Let’s keep it simple. 4140 steel can be welded without problems as long as you follow some simple guidelines. This also applies to AISI 4140 and 4340. We will not be discussing the metallurgical properties of 4140 or trying to explain what happens to its microstructure when it cools too rapidly, just remember that the key is to control our cooling rate. If the weld and heat affected zone cool too quickly we are in trouble.
AISI 4140 steel is alloyed with chromium and molybdenum, hence the term chromoly steel. The addition of these alloying elements and its relatively high carbon content (around 0.40%) provide this low-alloy steel with excellent strength to weight ratio and make it a lot stronger and harder than standard 1018 and 1020 steels. The disadvantage is the need to be more careful when welding 4140, or other medium to high carbon steels for that matter, as compared to low carbon steel.
4140 is typically supplied in either the hardened and tempered condition (referred to as 4140HT) or in the annealed condition. For welding it is recommended that you use the latter. Welding on 4140HT is not recommended due to the high susceptibility for cracking, even when using preheat. If you must weld 4140HT it is absolutely necessary that you stress relieve the part at a temperature 60F [15C] below the original tempering temperature. Typically, if you have to weld on 4140HT you are making a repair. 4140HT should never be used for standard fabrication if possible.
If you are manufacturing parts out of 4140 we can assume that it is in the annealed condition. 4140 will weld very similar to your low carbon steels. The difference is that its high carbon content can screw things up. To avoid cracking you need to preheat 4140 prior to welding. This is done to slow the cooling rate after we are done welding and avoid embrittlement (formation of martensite and hardening of the weld and HAZ), which can lead to cracking.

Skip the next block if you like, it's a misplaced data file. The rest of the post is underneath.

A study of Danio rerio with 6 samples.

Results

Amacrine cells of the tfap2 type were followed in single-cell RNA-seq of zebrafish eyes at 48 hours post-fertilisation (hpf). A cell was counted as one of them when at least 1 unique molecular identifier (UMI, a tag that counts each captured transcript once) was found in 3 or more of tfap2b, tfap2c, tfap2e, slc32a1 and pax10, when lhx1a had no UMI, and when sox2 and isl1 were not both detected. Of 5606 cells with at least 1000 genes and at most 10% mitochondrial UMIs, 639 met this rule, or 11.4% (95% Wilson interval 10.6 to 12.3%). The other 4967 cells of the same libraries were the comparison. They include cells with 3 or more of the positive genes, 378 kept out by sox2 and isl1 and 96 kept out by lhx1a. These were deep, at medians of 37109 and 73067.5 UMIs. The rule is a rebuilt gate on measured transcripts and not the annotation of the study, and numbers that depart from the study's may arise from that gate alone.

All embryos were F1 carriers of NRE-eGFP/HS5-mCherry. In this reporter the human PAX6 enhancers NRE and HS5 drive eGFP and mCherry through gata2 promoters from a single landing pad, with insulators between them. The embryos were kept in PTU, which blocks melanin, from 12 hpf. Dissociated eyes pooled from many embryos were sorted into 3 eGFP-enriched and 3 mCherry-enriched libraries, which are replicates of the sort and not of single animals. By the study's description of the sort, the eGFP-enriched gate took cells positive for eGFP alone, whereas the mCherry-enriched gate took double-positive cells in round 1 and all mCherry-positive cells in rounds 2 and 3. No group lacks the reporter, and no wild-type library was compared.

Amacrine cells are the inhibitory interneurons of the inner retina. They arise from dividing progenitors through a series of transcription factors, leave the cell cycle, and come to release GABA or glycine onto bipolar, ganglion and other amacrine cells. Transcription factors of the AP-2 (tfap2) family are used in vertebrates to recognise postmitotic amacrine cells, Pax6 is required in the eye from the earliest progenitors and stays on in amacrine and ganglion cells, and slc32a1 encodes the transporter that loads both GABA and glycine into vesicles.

Steps to weld 4140:
Per Table 6-13 in page 6.1-29 of The Procedure Handbook of Arc Welding we need to preheat as follows:
Up 1/2″ thickness 400-500F [205 – 260C]
1/2″ – 2″ thickness 600-700F [316 – 371C]
Other publications recommend a preheat of only 350F [177C] up to 1/2″, 450F [232C] from 1/2″ to 1″, and 500F [260C] for 1″ to 2″. Keep in mind that when a part is preheated over 500F [260C] it becomes extremely uncomfortable for the welder. These lower preheat temperature are used with success, but go with the higher ones is you want to play it extra safe. The higher temperatures will produce slower cooling rates.
It is important that the interpass temperature be kept at or above the preheat temperature. If more than one pass is required make sure the part is above that minimum interpass temperature, if not, apply more heat to the part with oxyfuel or other means.
2. Use a low-hydrogen electrode (whether using GTAW, GMAW or SMAW)
The filler metal recommended for welding 4140 steel is ER80S-D2. ER70S-2 can be used but you will be undermatching the base material. Low-hydrogen electrodes minimize the amount of diffusible hydrogen in the weld. With the elevated carbon content even low levels of hydrogen can wreck havoc. A common problem with medium to high carbon steels is their susceptibility to hydrogen-induced cracking.
3. Slow cool the part. Preheating will take care of this most times; however, using heating blankets to assure a slow cooling rate is good practice. As mentioned above, a slow cooling rate prevents or reduces embrittlement (crack sensitive area in the heat affected zone). It also allows hydrogen more time to leave the weld, thus reducing the possibility of hydrogen-induced cracking.
Do you typically weld 4140 or other high carbon steel? Please include your thoughts and any tips in welding these materials.